Written by Don Young on January 28th, 2022.      0 comments

Written by Don Young on 25 January 2022

This article was published on https://management.co.nz

Don Young explores the paradox of recent low market movements against the response to the Great Resignation and other attraction/retention issues that many organisations are facing in New Zealand.

It’s the end of the world as we know it.

The song was not referencing 2020/2021 or what work, medical science, social interaction and life generally would look like after the pandemic. But it has a certain ring to it in the REM space at the moment (pun intended). There are no prizes for guessing that the market has slowed when the old ‘normal’ ended dramatically. The pandemic hit remuneration levels hard as the market data (*) clearly shows.

We have seen this pattern previously during the Global Financial Crisis. But when the market slowed employees battened down the hatches and rode out the storm. However it is very different this time because the ‘Great Resignation’ is gathering traction in New Zealand. Growing attraction and retention issues for technical specialists and executives abound and reactions to this shortfall will have an impact on the market.

A survey of listed companies in New Zealand showed that 22% have changed their CEO/MDs this year and Strategic Pay’s Pulse Survey suggests that 52% of companies are struggling to recruit and retain talent across more than one job function. In the past we’ve seen spot-market issues where certain roles or functions sit above typical market movements because of unique (usually short-term) influences e.g. in engineering, construction and IT.

But clients are reporting to us that the issue is not limited to a select few roles or functions as might have been the case in the past. Different sectors are struggling to attract and retain totally different types of jobs, also at differing levels (all sectors struggle to acquire IT staff ).

As organisations react to the market issues (and potential loss of key staff ) they continue to explore total rewards options (including non-monetary benefits) to attract and retain employees. Despite this, most still have to show the money to attract and keep good people.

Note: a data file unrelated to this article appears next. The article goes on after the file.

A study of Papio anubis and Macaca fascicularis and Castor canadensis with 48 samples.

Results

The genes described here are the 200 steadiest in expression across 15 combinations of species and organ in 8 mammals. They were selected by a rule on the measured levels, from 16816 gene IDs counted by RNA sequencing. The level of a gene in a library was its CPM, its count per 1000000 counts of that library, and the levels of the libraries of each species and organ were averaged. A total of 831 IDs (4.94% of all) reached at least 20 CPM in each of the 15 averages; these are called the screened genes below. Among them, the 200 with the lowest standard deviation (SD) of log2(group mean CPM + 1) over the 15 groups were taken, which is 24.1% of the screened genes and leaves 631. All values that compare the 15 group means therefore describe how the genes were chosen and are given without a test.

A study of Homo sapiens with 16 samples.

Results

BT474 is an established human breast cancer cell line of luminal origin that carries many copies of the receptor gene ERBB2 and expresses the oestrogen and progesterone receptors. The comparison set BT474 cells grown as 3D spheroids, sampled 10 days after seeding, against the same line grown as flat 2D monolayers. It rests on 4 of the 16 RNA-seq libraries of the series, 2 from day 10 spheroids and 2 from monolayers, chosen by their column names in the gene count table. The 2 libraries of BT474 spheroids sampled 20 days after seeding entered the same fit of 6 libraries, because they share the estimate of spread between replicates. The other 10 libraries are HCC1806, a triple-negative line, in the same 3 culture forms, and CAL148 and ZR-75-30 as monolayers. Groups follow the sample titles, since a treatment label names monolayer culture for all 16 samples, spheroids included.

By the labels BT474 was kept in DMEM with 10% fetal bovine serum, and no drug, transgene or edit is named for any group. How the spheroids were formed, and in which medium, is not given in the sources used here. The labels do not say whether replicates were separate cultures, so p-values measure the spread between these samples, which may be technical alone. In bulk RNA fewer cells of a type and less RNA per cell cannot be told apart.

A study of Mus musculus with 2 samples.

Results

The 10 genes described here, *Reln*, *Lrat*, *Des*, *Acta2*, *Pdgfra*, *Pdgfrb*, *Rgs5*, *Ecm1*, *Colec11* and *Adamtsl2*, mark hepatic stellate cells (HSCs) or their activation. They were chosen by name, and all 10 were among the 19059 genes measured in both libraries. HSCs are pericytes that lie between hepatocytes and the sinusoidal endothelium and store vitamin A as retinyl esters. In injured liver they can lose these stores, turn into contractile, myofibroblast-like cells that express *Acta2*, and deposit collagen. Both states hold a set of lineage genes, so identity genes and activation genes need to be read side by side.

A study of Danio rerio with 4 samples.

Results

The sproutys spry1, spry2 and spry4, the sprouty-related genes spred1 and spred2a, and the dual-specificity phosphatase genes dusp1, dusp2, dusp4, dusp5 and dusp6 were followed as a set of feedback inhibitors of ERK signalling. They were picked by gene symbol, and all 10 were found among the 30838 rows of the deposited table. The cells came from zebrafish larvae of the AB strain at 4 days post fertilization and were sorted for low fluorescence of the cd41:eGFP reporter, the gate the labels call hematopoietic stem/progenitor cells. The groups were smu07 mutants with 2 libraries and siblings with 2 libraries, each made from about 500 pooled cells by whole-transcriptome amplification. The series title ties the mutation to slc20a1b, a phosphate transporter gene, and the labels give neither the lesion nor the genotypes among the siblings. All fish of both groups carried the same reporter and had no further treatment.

70 percent of our clients surveyed report they paid a premium to attract staff this year.

Organisations view this recruitment process as something that just has to be done to attract and retain candidates with the right skills.

Managing this from a remuneration perspective we discovered that 72 percent of surveyed organisations have applied premiums to the base pay. The majority of these said they had to pay 15-20 percent more for the roles. 10 percent of respondents from the not-for-profit sector reported needing to pay an additional 25 percent as a premium. Here is the concern - increasing base pay by these significant amounts is unlikely to be sustainable long term.

Strategic Pay knows that most clients have predicted higher wage increases next year than recent years (not just in the past two years). This is especially true when one drills down to function and job level where client predictions for some roles are two/three times higher than we have seen in recent years. Even if companies increase their wage budget by percentages not seen since pre-GFC days they are still going to have issues with internal relativities from what they paid certain individuals/roles during this talent melee.

Because obviously bringing people in on higher rates is going to cause general internal relativity issues. So does the answer lie in increasing base or fixed remuneration? What happens at annual salary review time? Simply applying increases across the board will spread the jam too thin.

It’s also unlikely that salary budgets are going to grow enough to keep pace with the levels of increase that this might dictate.

What options do you have? Sign-on bonuses or equivalent used to be a characteristic of executive pay (mostly in Australia) but is being reconsidered again in this changed environment.

Could variable pay be an answer? Possibly, but would the delayed gratification be enough of an incentive for those in technical roles that are so hard to recruit? For executives it may be increasing the quantum of variable pay (mostly short-term incentives). We have uptakes in requests for Strategic Pay to review and/or design incentive schemes around Executive and CEO roles.

Looking ahead to next year ensure you have the basics right to manage any anomalies.

Traditionally our clients have created good, solid remuneration structures that have enabled them to manage the ups and downs of remuneration in a way that is fair, equitable and financially sound. These structures will help to provide a clear picture of where they need to focus their efforts and provide a justifiable rationale for remuneration decisions in a challenging time for key decision makers.

One thing for sure, we will see some interesting developments in the remuneration space in the next few years as organisations grapple with certain decisions they were forced to make at short notice. Do you feel fine? Credit REM.